Definitions and images to illustrate geological terms, links to images and website articles



Open space filling occurs at relatively low pressure epithermal vein systems, such as stockworks, in greisens, or in some skarn environments. Crack-seal filling occurs at higher pressures, with reopening of the vein fracture by progressive deposition of minerals on the growth surface.

In a process called boudinage, veins may be pinched and distorted into sausage-shaped bodies called boudins. (image above left - click to enlarge - boudinaged quartz vein in dextral shear foliation, Fortnum Gold Mine, Western Australia.)

An accretion vein is formed by the repeated filling of channels, followed by their opening by pressure-related fracturing in the zone undergoing mineralization.

An asymmetrical vein is a crustified vein of geologic material with unlike layers on each side.

A banded, or ribbon vein is composed of layers of different minerals lying parallel to the walls.

Barren vein matter, or a pinch in a vein, assumed to overlie an ore is called a cap rock.


Water is available in wall rocks of the mid-crust, both as free water and within the hydrated minerals commonly found at depths. Some assimilated water enters hydration reactions with predominantly anhydrous melt components, but most water simply accumulates in the ever-shrinking, residual silicate melt. When a melt has taken on sufficient water, that magma will develop a water-saturated silicate fraction and a separate water-based fluid phase.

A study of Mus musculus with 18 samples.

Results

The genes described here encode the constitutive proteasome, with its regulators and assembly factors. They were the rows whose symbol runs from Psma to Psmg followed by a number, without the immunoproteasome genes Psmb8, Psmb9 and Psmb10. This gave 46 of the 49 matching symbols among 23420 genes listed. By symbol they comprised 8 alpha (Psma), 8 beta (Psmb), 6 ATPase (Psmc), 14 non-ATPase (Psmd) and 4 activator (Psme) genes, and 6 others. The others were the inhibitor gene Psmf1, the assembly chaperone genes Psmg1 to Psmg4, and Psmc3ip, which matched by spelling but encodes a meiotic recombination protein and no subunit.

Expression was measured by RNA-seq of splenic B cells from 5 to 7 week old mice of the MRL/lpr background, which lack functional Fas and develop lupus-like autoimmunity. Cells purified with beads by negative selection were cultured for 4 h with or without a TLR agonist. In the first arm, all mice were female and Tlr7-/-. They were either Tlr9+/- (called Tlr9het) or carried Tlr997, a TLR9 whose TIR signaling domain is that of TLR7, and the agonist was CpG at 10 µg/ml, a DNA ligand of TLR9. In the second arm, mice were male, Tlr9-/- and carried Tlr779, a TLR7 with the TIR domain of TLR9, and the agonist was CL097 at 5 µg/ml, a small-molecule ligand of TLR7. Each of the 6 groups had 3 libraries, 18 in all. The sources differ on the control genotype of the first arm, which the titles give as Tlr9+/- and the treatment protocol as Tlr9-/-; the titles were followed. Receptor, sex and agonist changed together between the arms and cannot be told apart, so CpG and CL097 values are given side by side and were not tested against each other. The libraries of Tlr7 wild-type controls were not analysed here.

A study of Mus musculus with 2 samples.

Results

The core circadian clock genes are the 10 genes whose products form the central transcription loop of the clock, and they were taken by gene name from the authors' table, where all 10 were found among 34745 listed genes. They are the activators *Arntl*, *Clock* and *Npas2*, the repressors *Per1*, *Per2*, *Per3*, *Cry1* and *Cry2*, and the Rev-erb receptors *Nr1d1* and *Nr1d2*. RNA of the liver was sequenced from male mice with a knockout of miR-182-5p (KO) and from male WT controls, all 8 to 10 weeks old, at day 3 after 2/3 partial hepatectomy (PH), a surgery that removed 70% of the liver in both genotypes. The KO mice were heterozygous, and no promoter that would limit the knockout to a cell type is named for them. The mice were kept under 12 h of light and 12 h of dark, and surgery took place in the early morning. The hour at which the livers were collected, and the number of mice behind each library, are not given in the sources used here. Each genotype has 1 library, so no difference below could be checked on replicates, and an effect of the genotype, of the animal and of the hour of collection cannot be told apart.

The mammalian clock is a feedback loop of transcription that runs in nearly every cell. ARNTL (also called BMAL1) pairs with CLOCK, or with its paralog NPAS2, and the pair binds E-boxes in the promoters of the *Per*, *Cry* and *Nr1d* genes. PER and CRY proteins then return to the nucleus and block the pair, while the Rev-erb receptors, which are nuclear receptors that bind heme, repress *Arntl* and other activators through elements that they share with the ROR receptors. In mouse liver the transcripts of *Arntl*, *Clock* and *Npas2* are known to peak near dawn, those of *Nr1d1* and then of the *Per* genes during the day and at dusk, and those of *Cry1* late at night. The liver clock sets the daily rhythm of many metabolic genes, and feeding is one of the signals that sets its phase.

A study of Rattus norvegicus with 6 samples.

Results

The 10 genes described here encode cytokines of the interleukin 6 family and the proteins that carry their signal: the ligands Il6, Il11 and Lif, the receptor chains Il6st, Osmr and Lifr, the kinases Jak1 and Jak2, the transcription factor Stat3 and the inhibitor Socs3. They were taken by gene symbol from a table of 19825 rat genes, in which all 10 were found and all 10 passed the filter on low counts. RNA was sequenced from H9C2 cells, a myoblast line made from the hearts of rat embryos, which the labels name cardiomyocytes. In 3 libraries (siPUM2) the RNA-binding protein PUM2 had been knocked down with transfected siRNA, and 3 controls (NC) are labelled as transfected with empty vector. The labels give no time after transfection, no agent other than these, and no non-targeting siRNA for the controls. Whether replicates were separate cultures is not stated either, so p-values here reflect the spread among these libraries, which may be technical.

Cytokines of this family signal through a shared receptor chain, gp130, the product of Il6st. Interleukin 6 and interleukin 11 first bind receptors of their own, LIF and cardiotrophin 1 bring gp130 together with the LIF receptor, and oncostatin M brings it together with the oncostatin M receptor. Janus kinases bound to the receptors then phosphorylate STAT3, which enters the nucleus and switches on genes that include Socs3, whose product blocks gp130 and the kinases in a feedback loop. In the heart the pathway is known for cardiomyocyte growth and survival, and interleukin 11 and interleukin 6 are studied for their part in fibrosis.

Under some conditions, water-saturated silicate fractions can release a whitish fine-grained vein-filling slurry of quartz and feldspars termed aplite. The water-based phase easily assimilates trace elements that do not accommodate well into most silicate crystals. These trace elements include beryllium, lithium, niobium, tantalum, tin, uranium, thorium, tungsten, zirconium and the rare earths. Ore deposits can form when hot, pressurized, mineral-laden hydrous fluid permeates fractured country rock and cools into veins of pegmatite—an very coarse-grained igneous rock containing megacrysts of quartz, feldspars, and sometimes, highly prized minerals. Pegmatite and aplite dikes and veins are common around intrusions.


Magma is molten (igneous) rock formed when Earth's radioactivity heats rocks to high temperatures – the deeper in the Earth, the greater the temperature.

When melted rock flows at the surface it is called lavaHawaii's and Iceland's basalt lavas fountain (below center) or flow (above right) freely, while other lavas are sticky and explosive, producing deadly pyroclastic flows (nuee ardentes, such as that which killed victims at Pompeii) and towering clouds (below right, below left; pyroclastic flow, Mount St. Helens, 2, Vesuvius, Pinatubo, Soufrière Hills Volcano on Montserrat, Ischia deposits). .


..Plinian eruption of Klyuchsvskaya in Russiapyroclastic cloud above erupting andesitic stratovolcanolava fountain and lava flow, Kilauea, Hawaii

[links: images: webpages: Vesuvius victims 'died instantly' ]

Video The Ring of Fire

images : USGS : top right, schematic of stratovolcano; top left, basaltic lava; bottom right, Plinian eruption of Mt. Klyuchsvskaya in Russia; lava fountain and lava flow, Kilauea, Hawaii; pyroclastic cloud above erupting andesitic stratovolcano.